Kim Klement-USA TODAY Sports

The Yankees are settling their affairs quickly before free agency officially begins this Saturday. They have already allowed Sergio Santos to leave in free agency and outrighted Diego Moreno off the 40-man roster. Stephen Drew, Chris Young, and Chris Capuano have left in free agency and they released Chris Martin, leaving the 40-man roster at 35 yesterday, but it wasn't going to stay that way.

They have also decided to decline the $2 million option they had on Andrew Bailey for the 2016 season. The right-handed reliever made his return to the majors after a year on the shelf, but he didn't really impress in September. Many were excited to see him pitch again, but after an 8.31 ERA over 10 games, it won't be so easy for him to pick up where he left off after recovering from shoulder surgery. This doesn't mean that he's gone from the organization just yet. Bailey is still technically an arbitration-eligible player who the Yankees could tender a contract to. However, it's much more likely that they could simply re-sign him to another minor league deal if they want to bring him back. If he leaves them, though, the 40-man roster will stand at 35.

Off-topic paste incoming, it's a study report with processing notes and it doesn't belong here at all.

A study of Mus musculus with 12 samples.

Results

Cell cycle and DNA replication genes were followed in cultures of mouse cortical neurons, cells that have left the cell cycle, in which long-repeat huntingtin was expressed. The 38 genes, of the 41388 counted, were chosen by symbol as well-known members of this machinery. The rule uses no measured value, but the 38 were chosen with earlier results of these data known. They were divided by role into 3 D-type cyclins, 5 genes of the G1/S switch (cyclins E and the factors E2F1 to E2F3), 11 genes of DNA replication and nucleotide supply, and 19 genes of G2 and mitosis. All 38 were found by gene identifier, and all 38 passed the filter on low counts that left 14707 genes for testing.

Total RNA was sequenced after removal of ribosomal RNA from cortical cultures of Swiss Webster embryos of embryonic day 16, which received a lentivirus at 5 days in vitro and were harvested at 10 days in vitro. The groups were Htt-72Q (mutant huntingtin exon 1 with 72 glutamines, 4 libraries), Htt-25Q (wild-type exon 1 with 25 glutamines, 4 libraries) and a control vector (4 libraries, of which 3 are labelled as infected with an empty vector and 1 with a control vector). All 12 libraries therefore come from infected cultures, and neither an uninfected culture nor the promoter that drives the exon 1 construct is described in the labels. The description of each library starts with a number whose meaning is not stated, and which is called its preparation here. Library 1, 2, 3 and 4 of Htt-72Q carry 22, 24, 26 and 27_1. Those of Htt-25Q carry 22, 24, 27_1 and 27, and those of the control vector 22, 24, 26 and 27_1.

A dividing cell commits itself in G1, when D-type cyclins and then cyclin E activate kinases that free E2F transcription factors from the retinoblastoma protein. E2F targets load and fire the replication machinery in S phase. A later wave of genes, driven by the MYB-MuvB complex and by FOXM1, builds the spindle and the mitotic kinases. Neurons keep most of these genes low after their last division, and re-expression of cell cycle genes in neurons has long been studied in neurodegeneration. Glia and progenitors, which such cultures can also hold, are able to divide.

It won't decrease any further for now because Brendan Ryan has decided to pick up his $1 million option for the 2016 season, staying with the team for his fourth season–if you can believe it. The Yankees declined their $2 million option on the middle infielder, but it wasn't much of a surprise to see him pick up his end of the deal. If put on the open market, it's likely that the best he would get would be a minor league deal and a spring training invite. After another season filled with injury and terrible hitting, this was the best he was going to do.

While it still continues to be an enigma as to why the Yankees ever gave him this deal in the first place, it's not exactly immovable. Maybe a team needs a backup shortstop in spring training and they send over some money or maybe the Yankees just decide to cut him. However it happens, eating $1 million at some point over the next year doesn't sound like it would be much of an issue for them if they think they have a better option (almost anyone probably would be).